Price of Prestwick and Manston slashed to just over one fifth the price Infratil paid for them in 2003 and 2005
The value of Prestwick Airport has fallen to under a quarter of its level 2 years ago as owner Infratil struggles to find a buyer. The New Zealand-based company yesterday put the value of Prestwick and Manston Airport in Kent at £10.5 million. They had been valued at £32m earlier this year. Infratil bought Prestwick for £33.4m in 2003 and it bought Manston for £17 million in 2005 (so a total of £50 million). A valuation carried out at the end of the financial year in March 2011 said the airports were worth £44m. Both airports were put on the market in January when Infratil said they were under-performing. It had been hoped a sale would be completed by early next year but no buyer is forthcoming. Passenger numbers at Prestwick have dropped to just under 1.1 million a year – less than half the level of 3 years ago – as Ryanair, which provides the bulk of passenger flights, has relocated many services to Edinburgh. The lack of investment has left Prestwick looking tired and off-putting to potential buyers.
Prestwick value slashed
THE value of Prestwick Airport has plummeted to less than one-quarter of the level it was at two years ago as owner Infratil struggles to find a buyer for the Ayrshire site.
Both airports were put on the market in January after their parent company said they were under-performing. It had been hoped a sale would be completed by early next year.
Passenger numbers at Prestwick have dropped to just under 1.1 million a year – less than half the level of four years ago – as budget airline Ryanair, which provides the bulk of passenger flights, has relocated many services to Edinburgh.
The latest devaluation follows warnings in September by Ayrshire MP Brian Donohoe that the lack of investment had left Prestwick looking tired and off-putting to potential buyers.
He said the latest statement by Infratil, carried out ahead of interim financial statements next week, showed there was a need for investment. “I’d like it to be sold for a pound, frankly, seeing as they’re losing money there,” he said.
Mr Donohoe added: “I want someone to come in with the clear understanding that investment is needed. They need to invest £10m in the airport – and sooner rather than later. It’s only when that investment happens that you will get one of the big charter airlines coming in.”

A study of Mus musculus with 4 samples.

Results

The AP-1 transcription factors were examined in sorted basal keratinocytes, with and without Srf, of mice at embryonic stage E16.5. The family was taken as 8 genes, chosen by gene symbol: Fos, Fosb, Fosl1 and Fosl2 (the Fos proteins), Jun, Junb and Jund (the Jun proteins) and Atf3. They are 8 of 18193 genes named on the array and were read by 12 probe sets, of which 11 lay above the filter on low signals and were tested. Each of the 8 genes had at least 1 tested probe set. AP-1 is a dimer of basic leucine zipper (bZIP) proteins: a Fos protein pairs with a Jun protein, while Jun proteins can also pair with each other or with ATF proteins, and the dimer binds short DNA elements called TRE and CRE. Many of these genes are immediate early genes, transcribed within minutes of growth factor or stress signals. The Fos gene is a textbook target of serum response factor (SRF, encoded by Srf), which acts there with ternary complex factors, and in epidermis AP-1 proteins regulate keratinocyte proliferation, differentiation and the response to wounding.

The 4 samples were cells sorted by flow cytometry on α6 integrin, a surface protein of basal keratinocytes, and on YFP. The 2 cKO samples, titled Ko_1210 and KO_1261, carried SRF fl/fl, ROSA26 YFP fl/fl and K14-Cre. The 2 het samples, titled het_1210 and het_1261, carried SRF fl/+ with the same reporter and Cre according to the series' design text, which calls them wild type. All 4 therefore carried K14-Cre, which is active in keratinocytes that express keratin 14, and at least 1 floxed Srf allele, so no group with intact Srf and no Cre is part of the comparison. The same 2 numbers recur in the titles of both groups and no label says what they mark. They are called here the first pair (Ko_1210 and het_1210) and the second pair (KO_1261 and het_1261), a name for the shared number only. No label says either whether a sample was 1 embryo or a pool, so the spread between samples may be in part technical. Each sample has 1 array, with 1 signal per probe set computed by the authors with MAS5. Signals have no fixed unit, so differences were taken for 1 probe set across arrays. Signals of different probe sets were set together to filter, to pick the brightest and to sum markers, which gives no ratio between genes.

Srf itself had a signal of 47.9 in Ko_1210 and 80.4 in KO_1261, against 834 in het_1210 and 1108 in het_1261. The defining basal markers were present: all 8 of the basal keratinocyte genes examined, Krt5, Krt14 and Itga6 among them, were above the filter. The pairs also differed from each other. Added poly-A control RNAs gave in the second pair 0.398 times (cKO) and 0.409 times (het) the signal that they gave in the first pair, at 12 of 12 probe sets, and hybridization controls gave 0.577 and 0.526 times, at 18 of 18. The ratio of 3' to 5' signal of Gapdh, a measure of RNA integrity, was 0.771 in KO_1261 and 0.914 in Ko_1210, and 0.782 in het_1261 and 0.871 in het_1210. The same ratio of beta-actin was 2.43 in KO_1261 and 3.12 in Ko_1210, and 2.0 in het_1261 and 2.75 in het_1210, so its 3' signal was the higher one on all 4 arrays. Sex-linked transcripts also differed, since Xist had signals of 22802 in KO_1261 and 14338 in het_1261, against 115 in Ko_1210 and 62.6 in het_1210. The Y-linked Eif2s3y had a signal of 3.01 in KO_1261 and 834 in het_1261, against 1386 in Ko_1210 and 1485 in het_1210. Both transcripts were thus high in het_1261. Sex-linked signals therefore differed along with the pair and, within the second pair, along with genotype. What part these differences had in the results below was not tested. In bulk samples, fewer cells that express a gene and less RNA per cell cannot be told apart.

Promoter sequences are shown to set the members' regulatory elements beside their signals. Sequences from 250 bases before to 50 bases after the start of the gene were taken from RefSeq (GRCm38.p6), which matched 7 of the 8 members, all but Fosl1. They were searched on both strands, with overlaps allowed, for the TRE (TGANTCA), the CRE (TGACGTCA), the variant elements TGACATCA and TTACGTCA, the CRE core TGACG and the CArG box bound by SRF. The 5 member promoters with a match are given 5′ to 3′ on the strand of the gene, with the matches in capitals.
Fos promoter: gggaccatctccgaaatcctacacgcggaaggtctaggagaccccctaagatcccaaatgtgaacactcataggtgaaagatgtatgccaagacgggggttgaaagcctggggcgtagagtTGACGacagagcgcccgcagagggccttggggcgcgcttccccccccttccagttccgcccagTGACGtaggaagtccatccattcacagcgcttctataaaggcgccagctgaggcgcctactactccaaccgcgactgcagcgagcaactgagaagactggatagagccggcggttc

Infratil’s purchase of Prestwick from Stagecoach for £33.4m in 2003 was overseen by the aviation consultancy MPD Group. John Baillie, operations director at the consultancy at the time, said: “Infratil has written down the value of the asset on its balance sheet, which would appear to be a reaction to the lack of interest from the market in the airport.”
Infratil said in its statement: “Infratil continues to actively seek a buyer for the airports, while considering all other options available with respect to the ongoing operations.”
Passenger downturn prompts slump in Prestwick airport’s valuation
August 25, 2005 (Financial Times)
Infratil to buy Manston airport from administrator
Kevin Done, Aerospace Correspondent
Infratil, the New Zealand-listed infrastructure fund, has agreed to take over London Manston airport for £17m from the administrator of the bankrupt Planestation group.
Infratil is seeking to expand as an operator of regional airports in Europe.
Ryanair has announced that it would also like to establish a base at Lübeck, but the deal is conditional on its partner, Infratil, being successful in its plan to acquire a 90 per cent stake in the airport and to win approval to extend the runway. Planning permission for the runway extension has so far been blocked by a temporary injunction in the local courts.
Infratil also owns a 66 per cent stake in Wellington airport, New Zealand.
The group said it believed that Manston airport, which trades as Kent International airport, had “strong prospects” as a freight airport servicing the south of England and said it had already had informal talks with a number of freight operators who were “keen” to start services to Manston.
It said the airport, which is located near Ramsgate,110kms east of London, was also well placed to provide regional passenger services to Kent and the eastern side of the London catchment area with 1.9m people within a 60 minutes drive.
The financial collapse of the Planestation group followed its foray into the airline industry and its takeover of EUjet, an Irish start-up low cost carrier which began European and domestic services at Manston in September last year.
The group including EUjet collapsed into administration last month with Grant Thornton appointed as administrator. EUjet left around 5,400 passengers stranded without return flights and a further 90,000 with advance bookings, that could not be fulfilled.
The administrator said that unlike Planestation, Infratil would not “be buying and operating an airline themselves.”
Steven Fitzgerald, Infratil Airports Europe chief executive, said it would take “some time” to make Kent International profitable, as it currently had no services. Flying operations were suspended by the administrator.
He forecast that the airport would reach an operating surplus “within three to four years”. In the first three years capital expenditure was forecast to total £9m with operating losses estimated at £8m to £10m.
He said that both Manston and Prestwick were set up to service the fastest growing air transport segments, air freight and low cost airlines. Manston had a 2,752m runway, that was capable of servicing both Boeing 747s and Airbus A380s.